Q. What is HIPPY?
A. The Home Instruction for Parents of Preschool Youngsters (HIPPY), formerly Home Instruction Program for Preschool Youngsters, is a home-based, early intervention program that helps parents create experiences for their children that lay the foundation for success in school and later life. The program is designed specifically for those parents who may not feel confident in their own abilities to teach their children. In the United States, HIPPY is a two or three year program for parents with children ages three, four and five.
Every other week home visitors, who are also participants in the program, make home visits to role play HIPPY activities with parents. On alternating weeks, group meetings are held. During group meetings, home visitors and parents role play the week's activities and an enrichment activity is offered, including issues of parenting and family life and often addressing parents' interests in improving their own situation through further education and training. Parents spend approximately 15-20 minutes a day, five days a week, doing HIPPY activities with their children.
Q. How does the curriculum work?
A. HIPPY activities are written in a structured format comparable to a well-designed lesson plan for a novice teacher. The purpose of the structure is to assure that activities will be easy and fun for parents to implement and to create a successful learning experience between the parent and child. The curriculum is primarily cognitively-based, focusing on language development, problem solving and discrimination skills. Learning and play mingle throughout HIPPY activities, as parents help children build school readiness skills. HIPPY utilizes role playing as the method of instruction when training home visitors and parents. Role playing promotes a comfortable learning environment in which there is always room for mistakes. In addition to maximizing parent's understanding and facility in doing the activities, it promotes parental empathy for the developmental capabilities of young children.
Q. What are the staffing requirements?
A. Each program has one full-time, professional coordinator who is responsible for all aspects of program implementation and management. This includes recruitment, training and supervision of home visitors, administrative tasks, working with the advisory committee and fund raising. Coordinators have backgrounds in early childhood education, elementary education, adult education, social work and community development. Home visitors, who are members of the participating communities and themselves parents in the program, conduct the home visits. They work part-time with 10- 15 children. Becoming a home visitor is often a first job and a first step out of dependency.
Q. Where is HIPPY implemented?
A. HIPPY is one discrete component of a comprehensive approach to supporting families. As such HIPPY is operated within the context of larger organizations that offer an array of services for families. Successful HIPPY settings include schools, public housing, family support centers and community-based agencies.
Q. What does HIPPY cost?
A. Costs are approximately $1500-$2000 per child, per year over two years. This is based on an average program size of 60 children in the first year and 120 children in the second year, a full-time coordinator and one home visitor for 12 families. Costs include staff salaries (the largest and most variable component); curriculum materials; fees for training and technical assistance, program development, and license and affiliation; and other direct costs.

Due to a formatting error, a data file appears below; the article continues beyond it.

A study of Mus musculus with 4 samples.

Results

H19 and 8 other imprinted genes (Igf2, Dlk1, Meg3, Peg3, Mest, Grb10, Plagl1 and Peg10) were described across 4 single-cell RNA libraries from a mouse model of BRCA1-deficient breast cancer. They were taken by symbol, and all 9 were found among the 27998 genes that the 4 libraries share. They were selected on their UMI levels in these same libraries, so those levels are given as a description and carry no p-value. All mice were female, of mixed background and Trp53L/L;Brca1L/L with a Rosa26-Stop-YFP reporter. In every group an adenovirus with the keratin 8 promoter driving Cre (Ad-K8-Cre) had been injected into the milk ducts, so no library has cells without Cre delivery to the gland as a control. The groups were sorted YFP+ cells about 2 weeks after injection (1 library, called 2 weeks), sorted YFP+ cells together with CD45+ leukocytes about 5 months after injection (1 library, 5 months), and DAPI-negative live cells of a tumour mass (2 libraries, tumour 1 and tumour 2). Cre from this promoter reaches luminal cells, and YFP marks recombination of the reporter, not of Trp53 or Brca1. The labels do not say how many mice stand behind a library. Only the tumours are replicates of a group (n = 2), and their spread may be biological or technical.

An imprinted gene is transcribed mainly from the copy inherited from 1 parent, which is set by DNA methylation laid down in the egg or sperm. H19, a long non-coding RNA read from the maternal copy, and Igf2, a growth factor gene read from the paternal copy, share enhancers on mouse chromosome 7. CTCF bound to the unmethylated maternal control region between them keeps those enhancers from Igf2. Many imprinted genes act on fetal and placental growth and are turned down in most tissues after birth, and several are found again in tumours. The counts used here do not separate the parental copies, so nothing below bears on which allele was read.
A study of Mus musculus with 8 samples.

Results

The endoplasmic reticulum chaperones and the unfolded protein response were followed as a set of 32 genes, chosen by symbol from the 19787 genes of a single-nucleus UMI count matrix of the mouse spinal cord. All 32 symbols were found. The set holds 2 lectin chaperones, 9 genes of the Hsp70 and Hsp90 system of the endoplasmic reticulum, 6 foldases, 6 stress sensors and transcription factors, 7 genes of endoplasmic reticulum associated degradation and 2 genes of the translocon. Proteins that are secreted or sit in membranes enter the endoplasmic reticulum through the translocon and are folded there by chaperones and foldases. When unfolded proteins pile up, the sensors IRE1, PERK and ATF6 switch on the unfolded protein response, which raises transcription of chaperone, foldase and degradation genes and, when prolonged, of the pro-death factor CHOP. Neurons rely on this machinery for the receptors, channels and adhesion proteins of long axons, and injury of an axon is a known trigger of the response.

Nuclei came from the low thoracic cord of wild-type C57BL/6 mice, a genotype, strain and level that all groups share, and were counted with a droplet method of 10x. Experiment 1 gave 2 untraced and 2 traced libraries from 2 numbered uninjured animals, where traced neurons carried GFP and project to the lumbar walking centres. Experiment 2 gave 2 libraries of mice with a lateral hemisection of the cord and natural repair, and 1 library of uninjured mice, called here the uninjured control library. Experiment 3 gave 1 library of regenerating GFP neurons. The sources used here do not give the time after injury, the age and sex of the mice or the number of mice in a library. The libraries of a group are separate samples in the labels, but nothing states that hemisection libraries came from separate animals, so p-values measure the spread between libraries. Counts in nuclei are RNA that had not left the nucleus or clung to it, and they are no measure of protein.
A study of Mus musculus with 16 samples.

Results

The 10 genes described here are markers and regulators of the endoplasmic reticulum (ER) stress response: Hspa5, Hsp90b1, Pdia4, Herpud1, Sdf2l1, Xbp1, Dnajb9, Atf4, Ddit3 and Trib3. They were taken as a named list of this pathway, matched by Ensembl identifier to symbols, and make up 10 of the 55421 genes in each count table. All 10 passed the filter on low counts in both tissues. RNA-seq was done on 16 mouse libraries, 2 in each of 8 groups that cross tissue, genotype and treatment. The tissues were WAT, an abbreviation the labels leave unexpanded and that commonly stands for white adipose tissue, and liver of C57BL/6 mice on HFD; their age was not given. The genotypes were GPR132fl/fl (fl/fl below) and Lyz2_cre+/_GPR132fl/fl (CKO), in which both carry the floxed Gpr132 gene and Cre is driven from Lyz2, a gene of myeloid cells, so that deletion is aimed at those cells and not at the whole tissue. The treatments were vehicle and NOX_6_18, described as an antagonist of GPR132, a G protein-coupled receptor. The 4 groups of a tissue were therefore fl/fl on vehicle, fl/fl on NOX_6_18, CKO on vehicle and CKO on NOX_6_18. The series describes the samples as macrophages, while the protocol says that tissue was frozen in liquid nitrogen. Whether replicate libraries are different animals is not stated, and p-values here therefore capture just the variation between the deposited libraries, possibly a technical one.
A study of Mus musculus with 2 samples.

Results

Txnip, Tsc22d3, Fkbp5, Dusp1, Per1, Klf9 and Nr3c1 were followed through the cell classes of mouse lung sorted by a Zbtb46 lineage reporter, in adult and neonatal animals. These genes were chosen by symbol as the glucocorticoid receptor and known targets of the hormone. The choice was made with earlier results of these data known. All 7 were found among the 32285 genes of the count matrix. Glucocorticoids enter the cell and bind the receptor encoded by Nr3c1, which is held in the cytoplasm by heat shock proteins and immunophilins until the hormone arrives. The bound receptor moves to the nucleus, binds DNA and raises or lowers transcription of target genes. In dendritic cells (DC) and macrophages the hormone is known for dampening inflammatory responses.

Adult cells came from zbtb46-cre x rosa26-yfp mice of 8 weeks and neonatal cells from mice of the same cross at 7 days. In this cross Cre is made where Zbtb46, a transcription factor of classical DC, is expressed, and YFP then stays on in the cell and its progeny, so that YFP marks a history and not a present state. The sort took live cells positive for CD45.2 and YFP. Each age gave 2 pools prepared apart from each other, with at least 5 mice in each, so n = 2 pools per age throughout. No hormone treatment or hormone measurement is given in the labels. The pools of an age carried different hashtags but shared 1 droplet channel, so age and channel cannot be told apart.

Q. How are HIPPY programs funded?
A. While funding is frequently the greatest obstacle to starting and maintaining a HIPPY program, programs around the country have been successful in securing support from public and private sources at local, state and national levels. Funding has been provided through early childhood education initiatives including Title I (Chapter 1), Even Start, Head Start, job training programs (particularly JTPA), public housing initiatives, a myriad of prevention and early intervention programs (such as child abuse prevention, teen pregnancy prevention, and crime prevention) and foundations, businesses and civic organizations.
Q. Is there research on HIPPY?
A. Extensive research in Israel, HIPPY's country of origin, indicates that HIPPY benefits children by improving academic achievement and adjustment to school, reducing the need for children to repeat grades and increasing the rate of school completion. Positive impacts on parents include increases in involvement in their children's education, higher self-esteem and further education for themselves. The first systematic evaluation of HIPPY in the United States, funded by the U.S. Department of Education,was conducted by the NCJW Center for the Child. Preliminary findings of first grade teacher ratings suggest that participation in HIPPY may have a positive effect on children's classroom adaptation, an important component of school success (Baker and Piotrkowski, 1993). Other United States research includes several case studies that focus on implementation.
Q. How do I get started?
A. The development of a HIPPY program combines strong grassroots community collaboration, securing funding and ongoing dialogue with HIPPY USA. The HIPPY USA Start-Up Manual provides a step-by-step guide to beginning a program. It includes information on conducting a community needs assessment, developing and convening an advisory group, submitting an application, preparing a budget and hiring staff. HIPPY USA's Guide to Fund Raising describes potential funding sources and provides "cut and paste" proposal elements. A variety of outreach and public relations materials are also available.